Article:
You have reached the Cape May birding hotline. Highlights of the week ending Sept. 24 include WESTERN KINGBIRDS, AM. GOLDEN PLOVER, BUFF-BREASTED SANDPIPER, EURASIAN WIGEON, and GREAT CORMORANT.
Twenty-five BROWN PELICANS were seen on Champagne Island in Hereford Inlet on Sept. 18. Three GREAT CORMORANTS were seen at the Cape May Ferry landing on Sept. 19. The "Holiday" whale watch boat continues to make trips; they have been seeing BROWN PELICANS, the first N. GANNETS, and BLACK TERNS this week. A EURASIAN WIGEON was seen at Brigantine on the 17th. Three WOOD DUCKS were seen in the S. Cape May Meadows on the 22d.
The CMBO Hawkwatch highlights for this week include: single BLACK VULTURES on the 18th, 20th, and 23d; single BALD EAGLES on the 17th, 22d, and 23d and 2 on the 20th; 241 SHARP-SHINNED HAWKS on the 23d; 34 COOPER'S HAWKS also on the 23d; 327 AM. KESTRELS on the 19th; 83 MERLINS on the 20th; 14 PEREGRINES also on the 20th. The weekly high count was 720 raptors tallied as a strong cold front swept by on the 23d.
Brigantine offers good habitat for migrant shorebirds this year; better management of the water levels in the west pool is paying off. Two AMERICAN GOLDEN PLOVERS were reported on the 15th, and 4 on the 22d. Also, 12 BUFF-BREASTED SANDPIPERS on the 17th, 10 on the 22d, and 8 on the 23d. A BAIRD'S SANDPIPER was there on the 22d and 23d; a LESSER BLACK-BACKED GULL was seen at Brig on the 22d.
Closer to home, Cape May's annual LESSER BLACK-BACKED GULL returned to its perch on the pilings north of Sunset Beach, about one-half mile north of the parking area. It's always worth a hike down there to say hello to the bird.
A BLACK TERN was seen flying by the Cape May ferry jetty on the 19th. Thirty CASPIAN TERNS were seen on Champagne Island on the 21st. Eleven PIPING PLOVERS were seen at Champagne Island on the 18th. 120 BLACK SKIMMERS were seen on the evening of the 19th in Thompson's Inlet, on the Sea Isle City side of the inlet. A WHIPPOORWILL was seen at Cape May Point on the 23d. Two COM. NIGHTHAWKS were seen over the Cape May Meadows on the 23d. HUMMINGBIRD numbers continue to dwindle as the birds migrate but a few are still being seen at feeders. A WESTERN KINGBIRD came to Higbee's Beach on the 23d, and we recieved a single report of a MOURNING WARBLER from Cape May Point on the 18th. SHARP-TAILED SPARROW was reported from the Cape May Meadows on the 22d.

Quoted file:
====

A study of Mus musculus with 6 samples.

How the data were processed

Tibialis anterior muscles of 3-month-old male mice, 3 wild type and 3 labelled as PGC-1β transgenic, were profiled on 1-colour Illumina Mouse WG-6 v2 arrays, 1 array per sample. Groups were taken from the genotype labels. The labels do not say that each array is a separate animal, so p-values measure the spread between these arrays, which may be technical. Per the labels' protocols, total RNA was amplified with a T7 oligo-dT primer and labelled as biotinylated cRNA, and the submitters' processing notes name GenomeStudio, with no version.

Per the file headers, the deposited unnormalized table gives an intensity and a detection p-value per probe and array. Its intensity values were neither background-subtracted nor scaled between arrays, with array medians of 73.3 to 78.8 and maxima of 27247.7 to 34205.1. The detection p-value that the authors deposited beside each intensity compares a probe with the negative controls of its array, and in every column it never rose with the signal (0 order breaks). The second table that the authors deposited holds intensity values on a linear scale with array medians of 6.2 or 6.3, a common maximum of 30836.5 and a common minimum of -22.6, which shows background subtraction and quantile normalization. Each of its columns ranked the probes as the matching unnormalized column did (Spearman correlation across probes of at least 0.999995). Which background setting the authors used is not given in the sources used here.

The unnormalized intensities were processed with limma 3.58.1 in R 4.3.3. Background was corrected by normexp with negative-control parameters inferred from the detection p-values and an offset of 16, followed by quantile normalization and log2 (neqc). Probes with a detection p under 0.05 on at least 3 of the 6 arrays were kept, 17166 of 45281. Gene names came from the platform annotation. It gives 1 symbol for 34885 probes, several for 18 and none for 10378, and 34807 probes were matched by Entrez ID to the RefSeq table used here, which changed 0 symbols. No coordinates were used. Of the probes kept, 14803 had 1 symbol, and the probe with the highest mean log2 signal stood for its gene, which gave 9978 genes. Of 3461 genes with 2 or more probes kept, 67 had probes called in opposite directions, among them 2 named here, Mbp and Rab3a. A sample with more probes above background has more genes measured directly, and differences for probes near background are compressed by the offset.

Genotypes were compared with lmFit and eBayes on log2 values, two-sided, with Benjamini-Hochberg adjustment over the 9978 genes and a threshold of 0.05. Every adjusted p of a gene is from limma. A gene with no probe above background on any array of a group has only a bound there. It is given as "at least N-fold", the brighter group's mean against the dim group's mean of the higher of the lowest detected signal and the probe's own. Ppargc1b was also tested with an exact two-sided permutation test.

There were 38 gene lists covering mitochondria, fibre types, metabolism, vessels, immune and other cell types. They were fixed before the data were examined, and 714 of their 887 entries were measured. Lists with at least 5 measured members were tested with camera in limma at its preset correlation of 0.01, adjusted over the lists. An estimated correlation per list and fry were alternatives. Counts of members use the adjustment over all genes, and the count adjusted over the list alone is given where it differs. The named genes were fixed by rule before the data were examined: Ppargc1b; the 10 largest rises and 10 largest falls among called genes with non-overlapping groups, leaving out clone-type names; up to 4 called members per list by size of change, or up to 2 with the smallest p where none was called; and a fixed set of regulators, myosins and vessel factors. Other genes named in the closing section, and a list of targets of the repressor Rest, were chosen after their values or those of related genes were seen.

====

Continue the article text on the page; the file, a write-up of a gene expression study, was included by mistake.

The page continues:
Hump-backed whales were being seen from Avalon in close to shore up to the 19th. The group included one dead whale, and another (or the same) dead whale was seen off Cape May on the 19th.
The Cape May birding hotline [(609) 884-2626] is a service of Cape May Bird Observatory and includes sightings from Cape May, Atlantic, and Cumberland counties and adjacent areas. Updates are made on Thursday evening, more often if warranted. [Compiled by CMBO staff; transcribed by L. Larson (email@example.com).] Please report sightings of rare or unusual birds to CMBO at (609) 884-2736. Thank you for calling; good birding.